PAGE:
Whether it's a plan on the Silver State Exchange or one offered by a small business, insurance companies want Nevadans to pay more for health care plans next year.

On average, insurance companies are proposing a 5 percent hike for health plans offered in the state, according to proposed rates submitted by insurance companies to the Nevada Division of Insurance.

The rate proposals show a mix of modest to high price increases and a few decreases for the 1,023 plans offered by 23 carriers in Nevada.

Included in those figures are plans created by the Affordable Care Act and offered on the Silver State Exchange in Nevada.

The proposed rate hikes arrive as Nevada and the rest of the country prepare for the next round of open enrollments in plans offered on federal and state-run exchanges.

Nevada’s exchange had a rocky launch last year thanks to glitches in its enrollment and billing software built by Xerox. Original estimates had 118,000 Nevadans enrolling for plans on the state-run insurance marketplace. But only 37,000 enrolled by June.

In May, the state fired Xerox. An internal audit highlighted 1,500 technical glitches in the software. Nevada will now switch to the federal healthcare.gov for the next enrollment period that begins in November, although its exchange will maintain its status as a state-controlled system. In the meantime, it will hire a new contractor to rebuild software to replace the work done by Xerox.

While rate increases mean consumers will have to pay more for insurance, the hikes aren’t a scarlet letter for the effectiveness of the Affordable Care Act.

Of the five carriers offering 92 health plans on the Silver State Exchange, all showed increases in rates this year.

“There is so much focus on how much it is going to cost,” said Jake Sunderland, spokesman for the state insurance division. “Those are valid concerns. But the price of care is high. We also need to make sure insurers charge enough to pay their medical bills.”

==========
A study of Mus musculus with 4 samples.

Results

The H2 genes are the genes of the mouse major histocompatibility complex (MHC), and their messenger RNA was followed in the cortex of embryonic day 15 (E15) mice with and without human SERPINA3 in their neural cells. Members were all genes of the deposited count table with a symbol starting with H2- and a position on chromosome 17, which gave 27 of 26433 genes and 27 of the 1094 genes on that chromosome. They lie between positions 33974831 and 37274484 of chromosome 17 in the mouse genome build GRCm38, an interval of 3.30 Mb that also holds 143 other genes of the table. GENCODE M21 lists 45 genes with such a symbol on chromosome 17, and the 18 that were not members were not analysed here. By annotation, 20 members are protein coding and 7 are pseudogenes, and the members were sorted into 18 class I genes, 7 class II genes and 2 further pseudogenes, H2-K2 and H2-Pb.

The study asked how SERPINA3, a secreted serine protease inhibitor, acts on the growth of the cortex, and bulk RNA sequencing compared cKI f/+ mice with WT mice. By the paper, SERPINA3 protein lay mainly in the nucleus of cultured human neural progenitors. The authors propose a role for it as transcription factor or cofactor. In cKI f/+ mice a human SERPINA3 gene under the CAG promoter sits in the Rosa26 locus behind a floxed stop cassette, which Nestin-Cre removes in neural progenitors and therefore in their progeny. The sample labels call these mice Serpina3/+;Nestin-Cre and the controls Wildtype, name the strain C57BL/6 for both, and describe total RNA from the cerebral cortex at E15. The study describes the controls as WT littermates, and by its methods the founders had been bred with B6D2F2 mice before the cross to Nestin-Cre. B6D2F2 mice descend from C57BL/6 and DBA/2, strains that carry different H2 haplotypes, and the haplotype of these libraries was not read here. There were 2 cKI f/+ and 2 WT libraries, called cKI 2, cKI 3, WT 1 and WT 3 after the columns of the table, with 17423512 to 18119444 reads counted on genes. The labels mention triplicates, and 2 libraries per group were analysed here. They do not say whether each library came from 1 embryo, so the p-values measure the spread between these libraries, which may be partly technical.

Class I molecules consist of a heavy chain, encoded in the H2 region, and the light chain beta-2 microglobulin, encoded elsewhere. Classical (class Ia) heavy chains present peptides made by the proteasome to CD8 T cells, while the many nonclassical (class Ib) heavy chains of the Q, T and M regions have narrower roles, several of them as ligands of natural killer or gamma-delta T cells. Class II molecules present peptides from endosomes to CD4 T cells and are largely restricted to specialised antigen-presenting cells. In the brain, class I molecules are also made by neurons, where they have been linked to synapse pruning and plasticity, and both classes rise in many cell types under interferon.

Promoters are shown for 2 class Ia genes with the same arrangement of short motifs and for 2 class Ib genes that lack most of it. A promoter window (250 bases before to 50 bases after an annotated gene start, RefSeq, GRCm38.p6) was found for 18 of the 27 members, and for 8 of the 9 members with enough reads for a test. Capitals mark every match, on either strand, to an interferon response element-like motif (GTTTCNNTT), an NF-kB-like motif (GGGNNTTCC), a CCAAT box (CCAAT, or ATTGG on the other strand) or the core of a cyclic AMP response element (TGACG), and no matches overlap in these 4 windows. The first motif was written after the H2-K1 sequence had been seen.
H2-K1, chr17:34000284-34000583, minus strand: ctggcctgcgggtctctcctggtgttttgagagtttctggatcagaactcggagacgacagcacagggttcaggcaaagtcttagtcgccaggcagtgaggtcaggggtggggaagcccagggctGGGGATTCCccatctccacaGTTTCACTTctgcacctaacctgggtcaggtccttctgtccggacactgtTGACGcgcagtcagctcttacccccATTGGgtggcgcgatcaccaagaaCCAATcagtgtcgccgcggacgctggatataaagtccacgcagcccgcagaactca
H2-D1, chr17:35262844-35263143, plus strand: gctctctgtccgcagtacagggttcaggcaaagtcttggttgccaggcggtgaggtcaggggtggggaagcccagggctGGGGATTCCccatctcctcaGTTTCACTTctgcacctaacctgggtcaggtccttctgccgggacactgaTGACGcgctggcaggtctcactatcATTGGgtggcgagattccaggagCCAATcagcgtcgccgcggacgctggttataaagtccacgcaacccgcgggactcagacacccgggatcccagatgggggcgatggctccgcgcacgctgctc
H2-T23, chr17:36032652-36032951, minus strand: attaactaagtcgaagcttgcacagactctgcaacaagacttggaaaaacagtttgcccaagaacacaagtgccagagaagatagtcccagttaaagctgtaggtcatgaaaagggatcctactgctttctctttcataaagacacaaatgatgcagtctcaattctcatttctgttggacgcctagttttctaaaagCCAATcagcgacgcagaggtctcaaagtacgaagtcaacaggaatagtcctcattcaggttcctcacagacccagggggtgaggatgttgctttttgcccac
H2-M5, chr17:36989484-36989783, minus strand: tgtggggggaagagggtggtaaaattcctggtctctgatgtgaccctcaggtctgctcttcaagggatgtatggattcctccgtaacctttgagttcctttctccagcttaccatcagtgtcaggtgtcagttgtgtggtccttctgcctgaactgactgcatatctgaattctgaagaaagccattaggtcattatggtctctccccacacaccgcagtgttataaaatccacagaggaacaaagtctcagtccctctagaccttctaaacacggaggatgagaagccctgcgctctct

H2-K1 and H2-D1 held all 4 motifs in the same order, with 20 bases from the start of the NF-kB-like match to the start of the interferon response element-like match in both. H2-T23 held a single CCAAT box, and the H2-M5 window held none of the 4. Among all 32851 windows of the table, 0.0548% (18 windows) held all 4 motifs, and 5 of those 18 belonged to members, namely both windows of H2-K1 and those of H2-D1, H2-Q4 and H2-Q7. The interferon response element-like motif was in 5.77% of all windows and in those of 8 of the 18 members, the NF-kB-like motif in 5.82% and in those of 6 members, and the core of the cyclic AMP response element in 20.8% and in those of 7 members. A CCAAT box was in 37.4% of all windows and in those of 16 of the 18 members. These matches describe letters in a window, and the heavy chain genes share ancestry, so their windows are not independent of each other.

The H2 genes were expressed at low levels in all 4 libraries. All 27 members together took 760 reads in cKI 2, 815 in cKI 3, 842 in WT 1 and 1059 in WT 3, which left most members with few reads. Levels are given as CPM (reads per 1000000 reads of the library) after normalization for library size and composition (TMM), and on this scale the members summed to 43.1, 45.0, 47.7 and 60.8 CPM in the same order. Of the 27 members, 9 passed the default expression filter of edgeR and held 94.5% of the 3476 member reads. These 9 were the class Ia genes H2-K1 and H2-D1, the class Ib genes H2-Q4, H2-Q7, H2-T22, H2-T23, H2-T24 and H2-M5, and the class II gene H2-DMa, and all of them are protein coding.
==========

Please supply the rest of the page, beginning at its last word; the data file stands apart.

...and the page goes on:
Part of the rate increases can be attributed to provisions in the Affordable Care Act. Insurance companies can no longer deny coverage to consumers with pre-existing conditions and mandated insurers provide more benefits, Sunderland said.

Nevada’s four carriers that sold insurance on the exchange last year all proposed rate increases of less than 10 percent for 2015, signaling that Nevada’s hikes will fall in line with other states. Anthem, a carrier with 13 percent of the exchange’s market share, decreased its rates by 4 percent.

A recent study of nine states found that insurers wanted to raise premiums by an average of 8 percent for individual health plans, according to consulting firm Avalere Health.

Below 10 percent is not bad, said Las Vegas insurance broker Lou Cila.

“But don’t forget the government is bearing most of the cost because virtually everybody on the exchange is getting a tax credit,” he said.

But brokers are still leery about the cost of the Affordable Care Act in Nevada.

The rates are going up because usage is going up, said Larry Harrison, a local insurance broker and member of the National Association of Health Underwriters.

“The people that were lucky enough to get through the inept system built by Xerox, the people that were adamant that they were going to get into the system, were the sick ones,” he said.

Exchange officials have not reviewed the recently released rate proposals but said the finalized rates will be released in October, said CJ Bawden, exchange spokesman.